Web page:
30th October, 2020
Every industry in the world has been impacted in one way or another by the global pandemic; but very few as negatively as the construction industry with global construction output down an estimated 20% on this time last year.
When lockdown was announced in UK, it caused housebuilders to down their tools on sites that collectively would deliver 250,000 homes this year. Knight Frank, the estate agency, predicts that the supply of new private homes is set to drop by 35% in the UK this year due to reduced onsite activity. England requires 350,000 new homes every year alone, so there is a massive shortfall to make up in the next 18 months.
However, this is not a new problem. In February 2020, the BBC reported that the UK currently has a housing shortage of over 1.2 million homes and estimate that at current construction rates it could take 15 years to bridge that gap. It is evident that even before the Covid-19 pandemic there are inherent issues with funding and the speed of which construction projects are being designed, constructed and available to the population.
This issue was earlier raised by the Independent in 2018, who stated that the UK needs to build 340,000 houses a year until 2031 to simply meet demand. In 2019, the UK reported its highest number of new houses built in a calendar year since 2008, but this number was a paltry 170,000, only half of what true demand actually needs.
The three key phases in the construction of houses are the design phase, the construction phase and the post construction stage (snagging, advertising, selling etc.).
Whilst the largest house builders including Taylor Wimpey, Persimmon and Barratt have already fine-tuned the design process, dealing with a range of standard house types to save time in the design process. The construction phase of house building remains a lengthy process, and it is evident from continually failing to meet annual government targets that an alternative should be considered. Pre-fabricated housing can definitely go a long way to addressing this problem, and it is pivotal that the UK Government, Housing Associations and House Builders invest significantly into
The big benefit of pre-fabricated housing is that is allows a significant overlap in the construction programme which was previously not possible. Instead of a 30 week construction programme, the groundworks are completed in 4 weeks with the house simultaneously constructed off-site in 8-12 weeks. Following this up with a 4 week installation phase and the house is ready for use after 16 weeks instead of 30 weeks. A further benefit is the eradication of the snagging phase as these houses are constructed to perfection in a controlled factory environment. The controlled environment also helps to deliver a more cost effective building as construction can be carried out unhindered to a tight schedule. Modular Housing is going to play a huge role in bridging this gap between supply and demand in the next 2 years.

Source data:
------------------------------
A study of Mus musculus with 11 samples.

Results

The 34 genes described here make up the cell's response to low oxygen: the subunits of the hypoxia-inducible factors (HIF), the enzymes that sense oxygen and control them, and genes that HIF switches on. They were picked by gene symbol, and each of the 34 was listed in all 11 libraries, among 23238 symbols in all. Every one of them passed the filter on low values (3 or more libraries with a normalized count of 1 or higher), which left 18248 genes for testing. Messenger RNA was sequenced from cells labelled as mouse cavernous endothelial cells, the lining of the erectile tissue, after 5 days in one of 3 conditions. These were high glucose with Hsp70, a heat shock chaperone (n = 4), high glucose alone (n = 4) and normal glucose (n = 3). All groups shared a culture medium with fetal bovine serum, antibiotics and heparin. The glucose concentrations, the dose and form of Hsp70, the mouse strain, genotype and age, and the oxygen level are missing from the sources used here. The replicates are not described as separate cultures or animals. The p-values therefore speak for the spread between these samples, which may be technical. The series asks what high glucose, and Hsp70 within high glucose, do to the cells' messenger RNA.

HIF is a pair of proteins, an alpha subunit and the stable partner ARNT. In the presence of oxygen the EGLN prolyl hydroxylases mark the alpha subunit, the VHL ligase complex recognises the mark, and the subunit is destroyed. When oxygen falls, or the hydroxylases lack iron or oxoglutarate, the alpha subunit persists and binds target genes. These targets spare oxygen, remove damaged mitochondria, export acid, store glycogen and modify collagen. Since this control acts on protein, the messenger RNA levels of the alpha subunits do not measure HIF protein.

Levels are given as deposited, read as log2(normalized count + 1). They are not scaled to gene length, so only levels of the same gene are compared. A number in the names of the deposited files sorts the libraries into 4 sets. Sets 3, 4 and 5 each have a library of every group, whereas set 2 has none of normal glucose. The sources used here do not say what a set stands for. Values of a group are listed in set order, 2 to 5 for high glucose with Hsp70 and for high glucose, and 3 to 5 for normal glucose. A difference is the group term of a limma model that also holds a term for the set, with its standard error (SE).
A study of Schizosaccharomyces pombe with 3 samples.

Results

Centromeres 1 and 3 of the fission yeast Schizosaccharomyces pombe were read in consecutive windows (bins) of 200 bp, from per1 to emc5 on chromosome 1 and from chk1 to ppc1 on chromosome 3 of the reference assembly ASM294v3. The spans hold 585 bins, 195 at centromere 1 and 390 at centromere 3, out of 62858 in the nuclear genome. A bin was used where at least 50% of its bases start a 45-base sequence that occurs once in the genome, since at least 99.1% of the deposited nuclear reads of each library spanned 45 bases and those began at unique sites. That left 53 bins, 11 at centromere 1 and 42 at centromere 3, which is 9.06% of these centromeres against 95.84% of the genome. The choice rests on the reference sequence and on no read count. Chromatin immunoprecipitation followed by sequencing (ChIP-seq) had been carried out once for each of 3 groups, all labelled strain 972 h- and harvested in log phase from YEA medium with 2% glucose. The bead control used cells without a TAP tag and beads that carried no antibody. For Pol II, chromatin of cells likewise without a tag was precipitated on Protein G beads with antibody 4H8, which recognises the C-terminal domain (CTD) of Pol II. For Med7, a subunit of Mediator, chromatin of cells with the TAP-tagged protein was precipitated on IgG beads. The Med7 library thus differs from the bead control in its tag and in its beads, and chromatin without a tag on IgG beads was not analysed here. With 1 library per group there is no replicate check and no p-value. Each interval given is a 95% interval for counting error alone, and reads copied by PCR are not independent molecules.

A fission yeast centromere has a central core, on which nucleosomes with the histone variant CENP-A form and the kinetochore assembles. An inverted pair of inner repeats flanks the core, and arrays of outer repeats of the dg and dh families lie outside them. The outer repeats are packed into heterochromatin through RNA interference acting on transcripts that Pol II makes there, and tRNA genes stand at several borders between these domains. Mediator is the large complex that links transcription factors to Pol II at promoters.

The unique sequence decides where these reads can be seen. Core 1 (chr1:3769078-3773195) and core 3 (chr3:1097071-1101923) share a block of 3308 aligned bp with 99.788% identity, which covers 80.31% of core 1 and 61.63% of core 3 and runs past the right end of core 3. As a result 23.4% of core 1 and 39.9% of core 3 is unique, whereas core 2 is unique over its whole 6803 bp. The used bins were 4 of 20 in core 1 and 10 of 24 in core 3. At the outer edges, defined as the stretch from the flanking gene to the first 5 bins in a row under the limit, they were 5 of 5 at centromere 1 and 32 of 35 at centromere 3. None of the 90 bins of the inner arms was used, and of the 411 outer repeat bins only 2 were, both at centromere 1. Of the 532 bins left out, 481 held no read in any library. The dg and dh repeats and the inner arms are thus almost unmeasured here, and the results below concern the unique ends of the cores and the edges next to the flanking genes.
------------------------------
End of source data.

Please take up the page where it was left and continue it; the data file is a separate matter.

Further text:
Whilst this process could facilitate the mass production of homes, the burning question is:
Have we enough factory space to construct these?
In short, No. Factory / Warehouse space is at a premium in the UK, particularly at the minute with planes stuck in hangars, new cars in storage and significant amounts of unsold retail stock clogging up storage warehouses everywhere. This is an area the Government and House Builders need to invest in, and the Covid-19 pandemic could help facilitate this. It is highly likely in early 2021 that if normality has not resumed that the those items in storage with be disposed of / sold off at a cut price as businesses look to clear the significant overheads of storage warehouses. Therefore, the potential is there for a substantial amount of large storage premises that would be required for pre-fabricated construction could be available for lease and purchase next year at a reduced cost.
A better opportunity than ever to commit to Modular Construction?